The educational rationale for studying a foreign language can be divided into three main categories of benefits: economic, civic and cultural, and intellectual.
The study of foreign languages is especially valuable in California, where a rich diversity of cultural traditions is represented and where one out of four immigrants to the United States eventually settles.
The study of foreign languages benefits California and its students by:
Why has the ability to communicate in another language long been regarded as an essential element of a well-rounded education? What benefits could a speaker of English, who is a member of the second largest speech community in the world, gain from studying another language?
Ask any multilingual individual those questions and you are likely to be greeted with
a few seconds of silence before hearing an answer. There are many reasons to learn
a foreign language-as many as the people who speak it. Language is a means of contact
with other human beings. However, the educational rationale for studying a foreign
language can be divided into three main categories of benefits: economic, civic and
cultural, and intellectual.
On a pragmatic level, schools in California as well as in other states need to develop more individuals with strong skills in a second language as a matter of long-range economic self-interest. For example, the United States is developing economic and social ties to the Soviet Union. Yet the development of our relationship with the Soviet Union could be curtailed because of a lack of qualified American-born speakers of Russian .In fact, there are more teachers of English in the Soviet Union than there are students of Russian in the United States.
Also, two-thirds of the translating jobs at the U.S. Department of State are filled by foreign-born individuals because properly trained American-born candidates are not available. In addition, the world has changed since World War II. The language of business is no longer exclusively English; rather, it is the language of the customer and, too often, our sales representatives do not speak the same language. For example, Pepsi Cola's marketing plan for Southeast Asia did not succeed because when translated into Thai its "Come Alive" slogan read, "It raises your ancestors from the dead."
What is true about our nation's need for speakers of other languages is also true for California. California, situated on the West Coast, is a natural gateway for trade with the countries of the Pacific Rim. Two reports on California's economic future, sponsored by the executive and legislative branches of government, included the same recommendation--that schools provide additional instruction in foreign languages.
A less obvious but equally compelling reason to promote the study of foreign languages is the power language has to foster improved understanding between peoples of various cultural backgrounds.
Culture is embedded in language. The Department's goal for developing students who can communicate effectively in at least one foreign language includes "appropriate cultural sensitivity" as a quality to be to be nurtured in foreign language classes. For example, a student of Japanese might learn that a request from an associate in Japan is rarely refused point-blank but that various cues communicate a polite no. A student of Arabic might come to understand that the terms for host and guest imply more social obligations in the Middle East than they do in the United States.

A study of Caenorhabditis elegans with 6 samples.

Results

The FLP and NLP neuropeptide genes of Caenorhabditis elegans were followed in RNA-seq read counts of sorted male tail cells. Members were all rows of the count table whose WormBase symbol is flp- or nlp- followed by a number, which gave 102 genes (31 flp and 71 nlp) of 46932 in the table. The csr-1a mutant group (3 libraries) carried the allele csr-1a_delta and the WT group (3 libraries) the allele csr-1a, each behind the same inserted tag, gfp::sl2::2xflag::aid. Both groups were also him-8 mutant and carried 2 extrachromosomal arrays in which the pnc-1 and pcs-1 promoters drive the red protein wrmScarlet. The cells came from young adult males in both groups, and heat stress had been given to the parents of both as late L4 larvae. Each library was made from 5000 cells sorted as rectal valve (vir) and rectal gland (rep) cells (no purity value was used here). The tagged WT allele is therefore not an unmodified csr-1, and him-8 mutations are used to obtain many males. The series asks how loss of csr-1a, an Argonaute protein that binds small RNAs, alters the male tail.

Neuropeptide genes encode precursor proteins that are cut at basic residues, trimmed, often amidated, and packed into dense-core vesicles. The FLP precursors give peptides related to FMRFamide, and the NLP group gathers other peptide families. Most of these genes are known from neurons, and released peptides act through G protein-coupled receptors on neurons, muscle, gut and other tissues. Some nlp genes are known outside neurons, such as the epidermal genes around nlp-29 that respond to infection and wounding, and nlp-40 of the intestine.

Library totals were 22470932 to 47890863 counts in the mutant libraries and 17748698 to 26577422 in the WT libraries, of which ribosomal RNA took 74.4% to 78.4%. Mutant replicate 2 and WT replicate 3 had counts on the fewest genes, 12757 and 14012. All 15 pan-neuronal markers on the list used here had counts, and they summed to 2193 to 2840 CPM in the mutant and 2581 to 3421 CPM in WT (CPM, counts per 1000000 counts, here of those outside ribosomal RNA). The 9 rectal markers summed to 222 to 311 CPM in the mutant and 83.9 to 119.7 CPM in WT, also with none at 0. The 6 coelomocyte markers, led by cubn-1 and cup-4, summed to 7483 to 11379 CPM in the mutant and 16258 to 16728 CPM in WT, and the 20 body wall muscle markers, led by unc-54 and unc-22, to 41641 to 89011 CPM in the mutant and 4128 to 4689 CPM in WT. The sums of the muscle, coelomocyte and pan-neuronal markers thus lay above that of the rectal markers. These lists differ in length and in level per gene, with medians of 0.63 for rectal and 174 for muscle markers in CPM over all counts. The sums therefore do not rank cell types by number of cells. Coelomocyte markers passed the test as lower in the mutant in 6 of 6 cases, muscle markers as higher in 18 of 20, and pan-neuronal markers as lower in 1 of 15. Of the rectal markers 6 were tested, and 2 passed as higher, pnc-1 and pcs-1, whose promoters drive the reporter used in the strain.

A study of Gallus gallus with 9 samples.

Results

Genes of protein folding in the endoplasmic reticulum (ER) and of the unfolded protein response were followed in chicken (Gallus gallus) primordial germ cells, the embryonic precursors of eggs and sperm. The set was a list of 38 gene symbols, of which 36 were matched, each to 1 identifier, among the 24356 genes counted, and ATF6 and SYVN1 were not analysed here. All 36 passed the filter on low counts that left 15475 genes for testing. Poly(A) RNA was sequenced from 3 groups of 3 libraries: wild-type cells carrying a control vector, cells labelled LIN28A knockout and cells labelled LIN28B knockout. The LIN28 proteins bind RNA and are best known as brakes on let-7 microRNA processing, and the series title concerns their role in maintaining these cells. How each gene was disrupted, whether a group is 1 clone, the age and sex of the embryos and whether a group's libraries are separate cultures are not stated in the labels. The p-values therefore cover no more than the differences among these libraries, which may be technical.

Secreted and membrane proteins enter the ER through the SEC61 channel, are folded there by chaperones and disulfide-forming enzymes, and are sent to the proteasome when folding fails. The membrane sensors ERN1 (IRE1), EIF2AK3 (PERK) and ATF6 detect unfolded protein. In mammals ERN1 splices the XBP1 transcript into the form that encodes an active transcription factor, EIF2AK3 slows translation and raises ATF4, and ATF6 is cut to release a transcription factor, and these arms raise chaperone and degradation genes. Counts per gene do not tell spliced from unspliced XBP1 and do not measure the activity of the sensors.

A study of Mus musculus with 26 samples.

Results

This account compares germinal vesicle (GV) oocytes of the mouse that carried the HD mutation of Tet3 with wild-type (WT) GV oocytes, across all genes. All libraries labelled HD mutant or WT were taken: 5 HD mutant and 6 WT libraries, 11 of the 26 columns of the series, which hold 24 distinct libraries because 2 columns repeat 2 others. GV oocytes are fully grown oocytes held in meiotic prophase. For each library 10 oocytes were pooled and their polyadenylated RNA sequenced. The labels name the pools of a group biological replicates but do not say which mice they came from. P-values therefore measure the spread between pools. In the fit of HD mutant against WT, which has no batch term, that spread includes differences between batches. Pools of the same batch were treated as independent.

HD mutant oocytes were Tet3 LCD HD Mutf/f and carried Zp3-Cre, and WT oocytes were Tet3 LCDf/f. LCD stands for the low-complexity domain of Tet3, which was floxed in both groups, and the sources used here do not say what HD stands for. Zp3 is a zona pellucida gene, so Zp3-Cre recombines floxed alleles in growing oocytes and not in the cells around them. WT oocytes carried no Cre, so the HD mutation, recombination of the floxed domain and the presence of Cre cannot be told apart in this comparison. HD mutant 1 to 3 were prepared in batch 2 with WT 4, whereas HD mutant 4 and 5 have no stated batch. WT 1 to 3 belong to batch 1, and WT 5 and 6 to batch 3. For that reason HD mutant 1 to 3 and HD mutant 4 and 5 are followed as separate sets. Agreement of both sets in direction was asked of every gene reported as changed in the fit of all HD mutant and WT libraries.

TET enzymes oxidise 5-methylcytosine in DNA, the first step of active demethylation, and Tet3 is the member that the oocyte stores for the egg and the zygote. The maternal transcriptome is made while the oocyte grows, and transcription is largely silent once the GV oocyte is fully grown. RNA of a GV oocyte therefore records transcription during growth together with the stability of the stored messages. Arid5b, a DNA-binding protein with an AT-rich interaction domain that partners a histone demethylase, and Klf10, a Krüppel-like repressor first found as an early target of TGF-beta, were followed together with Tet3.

However, every student of foreign languages eventually discovers that cultural conventions differ from society to society. Some cultural conventions reflect genuine differences in the hierarchy of values, while others simply conceal a deeper human commonality that transcends place and time. This "cosmopolitanizing" function of studying a foreign language is valuable to a country such as the United States, which was founded on the belief that out of many traditions one nation could be established (e pluribus unum). And the study of foreign languages is especially valuable in California, where a rich diversity of cultural traditions is represented and where one out of four immigrants to the United States eventually settles.
The third benefit of studying another language is its salutary effect on students' intellectual development. Obviously, students with skills in a foreign language gain direct access to the literature of the language, with all the mental stimulus the acquisition implies. In addition, poets and writers have long contended that knowledge of a foreign language helps speakers better understand their native language in a way that studying the native language directly never could. That is, to student their native language is transparent and unremarkable. Only when they step outside the all-enveloping medium of language and begin to experience a second language's idiosyncracies do the nuances and texture of their own language become obvious. In addition, insights gained by students in a foreign language class are transferable across the curriculum. For example, analysis of recent scores on Scholastic Aptitude Tests (SATs) suggests that the study of a foreign language for one or two years (in grades four to six) will result in improved scores in standardized tests of proficiency in one's native language.
In summary, for students, learning a new language can be an asset in the job market, a spur to personal and intellectual growth, a source of increased self-esteem, and an enjoyable experience. For California and the nation, developing more people with advanced skills in a second language results in many economic, civic, and cultural benefits. Clearly, the benefits justify the investment.